Reunion

I close my eyes and I am 15 again. 16, 17. We are driving in her SUV, cigarettes hanging carelessly from our fingers, smoke trailing through the windows. We are invincible.

I open them and I am here, in her car again, with two dogs panting in my ears somewhere in rural Newfoundland.

The years have washed us in their tides, sometimes we claim to be helpless, like a jellyfish trapped in a current. Other times we have a firm hold on decisions and pull ourselves towards each other.

In ways, we are at a place we never expected to be. We are 30. Life now is much different than the life we projected, although I’m not sure that we ever projected this far. It was always tomorrow and then the tomorrow after that. Time was measured in moments and occasionally months, but never decades.

Her heart is broken, and so I am here. Because that is the intimate connection that we share. Months and years go by with no more than a few words, but pain will always bring us back together again. She held my hand this past winter, and now I hold hers.

I sing loudly, and off-key, on purpose and also because it’s the only way I sing. I make her listen to bad music and roll down the windows. Occasionally I look over and her eyes have so much sadness inside but she blinks and it’s hidden again, the way it always was. We both pretend I didn’t see and she asks me to roll her another joint. My fingers feel big and clumsy, I have long left the art of joint rolling behind. But roll I do and then we laugh at it because it’s sloppy and I’m a mom.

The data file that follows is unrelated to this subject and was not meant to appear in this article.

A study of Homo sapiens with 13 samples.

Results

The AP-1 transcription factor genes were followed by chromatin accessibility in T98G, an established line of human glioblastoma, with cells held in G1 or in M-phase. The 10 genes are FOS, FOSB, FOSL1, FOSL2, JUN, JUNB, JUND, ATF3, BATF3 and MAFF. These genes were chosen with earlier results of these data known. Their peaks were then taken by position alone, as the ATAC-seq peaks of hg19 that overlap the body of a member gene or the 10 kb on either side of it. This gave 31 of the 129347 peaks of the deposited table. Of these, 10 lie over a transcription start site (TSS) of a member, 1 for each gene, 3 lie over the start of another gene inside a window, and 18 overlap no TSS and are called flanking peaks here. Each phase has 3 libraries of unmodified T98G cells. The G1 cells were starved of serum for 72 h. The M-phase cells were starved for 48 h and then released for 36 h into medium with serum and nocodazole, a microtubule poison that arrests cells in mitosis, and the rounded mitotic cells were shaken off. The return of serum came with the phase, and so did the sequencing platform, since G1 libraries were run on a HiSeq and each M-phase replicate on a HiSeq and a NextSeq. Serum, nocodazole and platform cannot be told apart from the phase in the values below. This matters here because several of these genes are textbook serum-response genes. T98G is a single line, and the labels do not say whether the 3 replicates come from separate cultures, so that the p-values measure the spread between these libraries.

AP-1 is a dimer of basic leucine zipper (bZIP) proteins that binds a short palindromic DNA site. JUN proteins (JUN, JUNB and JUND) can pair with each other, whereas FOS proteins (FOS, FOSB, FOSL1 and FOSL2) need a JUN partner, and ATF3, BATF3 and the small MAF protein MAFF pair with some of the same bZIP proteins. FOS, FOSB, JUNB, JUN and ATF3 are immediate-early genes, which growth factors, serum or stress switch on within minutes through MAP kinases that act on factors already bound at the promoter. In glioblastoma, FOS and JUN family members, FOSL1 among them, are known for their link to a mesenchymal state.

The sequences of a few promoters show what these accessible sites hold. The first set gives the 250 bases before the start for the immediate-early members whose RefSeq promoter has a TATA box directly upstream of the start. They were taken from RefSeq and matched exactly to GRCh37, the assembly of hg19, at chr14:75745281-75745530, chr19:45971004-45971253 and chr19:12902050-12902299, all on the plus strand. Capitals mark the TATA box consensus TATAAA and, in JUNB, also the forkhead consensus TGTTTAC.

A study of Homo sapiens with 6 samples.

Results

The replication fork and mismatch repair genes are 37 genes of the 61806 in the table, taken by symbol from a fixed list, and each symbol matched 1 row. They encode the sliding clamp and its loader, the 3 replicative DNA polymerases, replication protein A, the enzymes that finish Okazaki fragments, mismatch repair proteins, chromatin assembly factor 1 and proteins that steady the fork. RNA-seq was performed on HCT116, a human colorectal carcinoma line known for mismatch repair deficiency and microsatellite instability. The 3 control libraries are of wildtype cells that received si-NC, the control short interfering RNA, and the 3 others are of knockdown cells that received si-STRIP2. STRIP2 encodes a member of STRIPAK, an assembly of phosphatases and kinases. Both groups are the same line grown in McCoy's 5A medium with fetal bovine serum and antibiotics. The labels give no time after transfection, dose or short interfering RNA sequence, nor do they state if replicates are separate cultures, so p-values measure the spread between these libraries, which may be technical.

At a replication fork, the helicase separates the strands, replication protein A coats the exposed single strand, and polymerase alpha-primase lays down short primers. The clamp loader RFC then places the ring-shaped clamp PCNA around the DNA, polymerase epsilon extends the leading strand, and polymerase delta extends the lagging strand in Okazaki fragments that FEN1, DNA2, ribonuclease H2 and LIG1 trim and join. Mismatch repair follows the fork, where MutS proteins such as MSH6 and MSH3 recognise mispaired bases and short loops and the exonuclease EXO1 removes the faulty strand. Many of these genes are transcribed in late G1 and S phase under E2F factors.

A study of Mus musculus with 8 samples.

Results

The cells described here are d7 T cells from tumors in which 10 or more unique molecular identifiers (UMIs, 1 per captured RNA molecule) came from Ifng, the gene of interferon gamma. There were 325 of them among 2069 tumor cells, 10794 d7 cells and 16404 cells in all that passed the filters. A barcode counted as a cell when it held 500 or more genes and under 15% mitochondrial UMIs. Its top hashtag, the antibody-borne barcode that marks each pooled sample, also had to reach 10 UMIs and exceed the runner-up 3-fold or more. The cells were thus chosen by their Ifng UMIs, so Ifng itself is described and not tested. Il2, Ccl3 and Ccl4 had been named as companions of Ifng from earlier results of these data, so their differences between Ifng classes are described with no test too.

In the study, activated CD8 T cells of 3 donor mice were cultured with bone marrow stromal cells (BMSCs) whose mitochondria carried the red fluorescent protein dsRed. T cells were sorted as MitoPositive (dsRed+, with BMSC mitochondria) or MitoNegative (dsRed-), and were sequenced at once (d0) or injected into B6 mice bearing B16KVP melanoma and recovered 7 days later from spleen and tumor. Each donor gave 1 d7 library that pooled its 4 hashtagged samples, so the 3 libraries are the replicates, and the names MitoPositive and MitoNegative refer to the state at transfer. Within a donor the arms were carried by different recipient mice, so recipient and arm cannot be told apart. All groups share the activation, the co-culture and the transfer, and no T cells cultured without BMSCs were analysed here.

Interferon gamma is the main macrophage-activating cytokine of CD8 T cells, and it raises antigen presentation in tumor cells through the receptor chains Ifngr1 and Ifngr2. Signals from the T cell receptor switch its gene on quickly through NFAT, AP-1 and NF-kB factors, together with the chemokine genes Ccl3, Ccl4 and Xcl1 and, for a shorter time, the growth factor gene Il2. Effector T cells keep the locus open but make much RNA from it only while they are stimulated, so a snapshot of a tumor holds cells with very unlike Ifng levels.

We drive through mountains and hills and beside the ocean. We drive through the thickest fog I have ever seen, we look for moose. We talk about sex and love and anger and hurt. We talk about children and men and money. We sit silently and we drive.

There was a moment, in elementary school, when I realized that one day I would write the date “2000.” It seemed magical and scary in its difference. The future seemed more mysterious because all of the numbers would be different. But here I am, writing cheques for taxes and daycare and insurance policies, long past 2000, and the future is the present and much less mysterious than I once thought it would be.

Now here we are, 2011 and that futuristic number is still mystifying, but not in the Planet of the Apes kind of way. More in the staggering reality of how my life has changed so very much in the past 15 years. I blinked once, twice maybe, and now here I am. I still feel 17 sometimes and I’m not sure that that feeling ever goes away.

We drive, across the whole of Newfoundland, until we come to St. John’s. Splattered in sunlight, we arrive. Tired, dirty, dusty. I will board a plane the next day and go home. But for her? It’s new. It’s fresh. It’s filled with the potential that a 30 year old woman child needs.